Dita Parker

Friday, March 19, 2010

All the things she said

I went to see her. Postponed the hour of going to postpone the hour of leaving. "Don't be sad, I love you."

She read me her poems. I listened and recorded, not sure I'll ever be able to listen to them, but at least I know they'll exist when she no longer does. 

I read the entire trip there not to think. I wrote my way back to think it through. Shorthand, tight, panicked almost, as if I couldn't get it down fast enough. "It's really happening."

Why am I not paralyzed? What sort of monster steps outside herself midgrief like a war photographer extracts himself from the scene to snap a shot, one moment frozen in time? The scene will roll on. It's really happening to you. "Heads I'll live."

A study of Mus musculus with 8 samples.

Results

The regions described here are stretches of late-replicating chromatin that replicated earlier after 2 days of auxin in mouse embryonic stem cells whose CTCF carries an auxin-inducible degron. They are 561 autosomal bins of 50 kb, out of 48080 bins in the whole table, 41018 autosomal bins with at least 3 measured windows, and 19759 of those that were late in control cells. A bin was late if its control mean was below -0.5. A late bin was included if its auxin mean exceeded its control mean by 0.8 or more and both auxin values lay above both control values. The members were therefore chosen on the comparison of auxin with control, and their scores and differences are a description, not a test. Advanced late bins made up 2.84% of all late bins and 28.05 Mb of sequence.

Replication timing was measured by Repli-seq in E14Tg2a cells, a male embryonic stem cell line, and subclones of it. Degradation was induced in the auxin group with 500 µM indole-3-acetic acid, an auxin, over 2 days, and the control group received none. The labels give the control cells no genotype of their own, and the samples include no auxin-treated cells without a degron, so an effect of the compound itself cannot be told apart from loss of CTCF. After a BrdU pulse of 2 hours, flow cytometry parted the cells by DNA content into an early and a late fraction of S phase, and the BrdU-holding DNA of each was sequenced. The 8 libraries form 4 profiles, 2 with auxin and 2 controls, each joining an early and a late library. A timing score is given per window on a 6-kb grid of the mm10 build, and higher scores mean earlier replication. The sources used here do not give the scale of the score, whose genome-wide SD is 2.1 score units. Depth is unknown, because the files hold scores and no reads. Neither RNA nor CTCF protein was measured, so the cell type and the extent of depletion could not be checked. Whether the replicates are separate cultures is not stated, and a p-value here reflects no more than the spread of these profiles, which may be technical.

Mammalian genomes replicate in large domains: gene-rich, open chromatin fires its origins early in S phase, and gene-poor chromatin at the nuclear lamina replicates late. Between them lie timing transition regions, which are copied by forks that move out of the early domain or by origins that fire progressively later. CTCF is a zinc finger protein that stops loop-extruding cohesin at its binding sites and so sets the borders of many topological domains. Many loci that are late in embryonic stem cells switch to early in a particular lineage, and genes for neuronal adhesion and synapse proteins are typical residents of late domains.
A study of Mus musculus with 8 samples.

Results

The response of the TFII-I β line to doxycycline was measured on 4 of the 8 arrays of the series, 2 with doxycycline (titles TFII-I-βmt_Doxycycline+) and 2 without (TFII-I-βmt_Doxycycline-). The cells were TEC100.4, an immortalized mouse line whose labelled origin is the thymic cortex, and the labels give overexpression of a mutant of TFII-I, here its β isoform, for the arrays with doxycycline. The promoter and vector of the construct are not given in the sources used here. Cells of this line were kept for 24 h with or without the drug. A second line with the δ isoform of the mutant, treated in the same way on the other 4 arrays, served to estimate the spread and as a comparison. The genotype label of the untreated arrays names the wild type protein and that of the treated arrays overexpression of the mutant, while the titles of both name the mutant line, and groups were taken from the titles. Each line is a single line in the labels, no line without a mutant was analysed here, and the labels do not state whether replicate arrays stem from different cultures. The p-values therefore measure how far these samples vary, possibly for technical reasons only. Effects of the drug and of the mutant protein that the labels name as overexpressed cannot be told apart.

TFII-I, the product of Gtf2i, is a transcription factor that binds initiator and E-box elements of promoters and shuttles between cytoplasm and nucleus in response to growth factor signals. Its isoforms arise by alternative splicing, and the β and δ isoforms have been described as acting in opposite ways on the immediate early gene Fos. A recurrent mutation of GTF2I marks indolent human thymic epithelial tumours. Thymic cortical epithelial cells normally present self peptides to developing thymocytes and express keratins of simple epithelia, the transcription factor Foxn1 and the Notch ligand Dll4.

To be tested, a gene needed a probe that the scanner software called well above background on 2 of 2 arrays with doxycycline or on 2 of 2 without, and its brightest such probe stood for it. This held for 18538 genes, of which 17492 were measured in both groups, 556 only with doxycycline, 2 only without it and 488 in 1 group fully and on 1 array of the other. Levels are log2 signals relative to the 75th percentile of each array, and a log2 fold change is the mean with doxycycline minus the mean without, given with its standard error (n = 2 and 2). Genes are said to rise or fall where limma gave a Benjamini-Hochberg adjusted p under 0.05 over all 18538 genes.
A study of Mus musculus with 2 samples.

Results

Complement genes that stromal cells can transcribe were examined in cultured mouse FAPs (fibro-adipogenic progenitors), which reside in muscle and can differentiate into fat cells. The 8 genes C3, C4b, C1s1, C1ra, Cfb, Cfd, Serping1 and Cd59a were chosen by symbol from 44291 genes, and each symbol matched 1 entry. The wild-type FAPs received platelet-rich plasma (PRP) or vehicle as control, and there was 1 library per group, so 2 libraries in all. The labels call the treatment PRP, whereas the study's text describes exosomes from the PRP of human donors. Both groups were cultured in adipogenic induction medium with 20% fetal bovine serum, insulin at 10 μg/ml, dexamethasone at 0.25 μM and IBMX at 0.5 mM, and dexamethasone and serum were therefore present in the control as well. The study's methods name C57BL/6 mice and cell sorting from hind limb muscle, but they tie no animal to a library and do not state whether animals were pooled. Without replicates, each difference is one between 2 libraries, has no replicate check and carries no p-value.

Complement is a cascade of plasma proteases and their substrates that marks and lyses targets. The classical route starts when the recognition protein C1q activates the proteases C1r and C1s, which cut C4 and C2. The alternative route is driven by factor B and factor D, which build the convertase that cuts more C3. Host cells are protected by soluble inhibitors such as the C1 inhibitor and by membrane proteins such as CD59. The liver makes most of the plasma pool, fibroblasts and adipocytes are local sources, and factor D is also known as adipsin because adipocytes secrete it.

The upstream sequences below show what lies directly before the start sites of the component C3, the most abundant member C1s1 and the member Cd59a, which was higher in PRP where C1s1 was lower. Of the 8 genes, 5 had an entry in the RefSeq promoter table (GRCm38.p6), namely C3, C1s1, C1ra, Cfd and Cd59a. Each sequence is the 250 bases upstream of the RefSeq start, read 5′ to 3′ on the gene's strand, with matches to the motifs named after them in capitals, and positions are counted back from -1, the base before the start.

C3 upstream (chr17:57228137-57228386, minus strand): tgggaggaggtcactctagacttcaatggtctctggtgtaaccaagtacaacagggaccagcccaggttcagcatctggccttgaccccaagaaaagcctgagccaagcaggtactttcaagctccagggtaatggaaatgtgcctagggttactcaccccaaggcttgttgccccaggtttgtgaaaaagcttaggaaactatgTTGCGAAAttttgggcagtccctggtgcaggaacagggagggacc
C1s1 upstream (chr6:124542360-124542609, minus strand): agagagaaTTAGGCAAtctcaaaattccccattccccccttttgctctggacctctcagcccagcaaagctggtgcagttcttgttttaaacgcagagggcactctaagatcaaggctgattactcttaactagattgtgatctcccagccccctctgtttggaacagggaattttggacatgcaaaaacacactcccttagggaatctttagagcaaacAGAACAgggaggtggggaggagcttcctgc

Is it strength or numbness, the shocking detachment? Is it courage or a selfish attempt to take cover? So extreme you don't think you can speak about it. Are you afraid of who you are or only what you feel? What you will feel. Someday. Every single one of us. "We don't have to talk about it."

You may find yourself with a pain in your gut. Or not pain. Not nausea, awareness. You indeed have a gut. It becomes a substitute for sustenance, that awareness. You may find your heart and head still function, send you off to work, let you smile back at your child, live your life. "It's not you he's come for." 

You may find yourself holding your breath, holding your breath without realizing, in an unconscious stupid futile attempt to postpone the hour of leaving. You will find the heart caves in next, that the head shot comes last, when the hour is long gone.

Don't run. It will give chase on a horse that never tires. Do not run. Face it take it feel it all of it. The monster. It's you. It's there to pull you through. Don't be scared. It's only you. "Show me a smile."

"Don't be sad, I love you." Six words to break and mend the heart.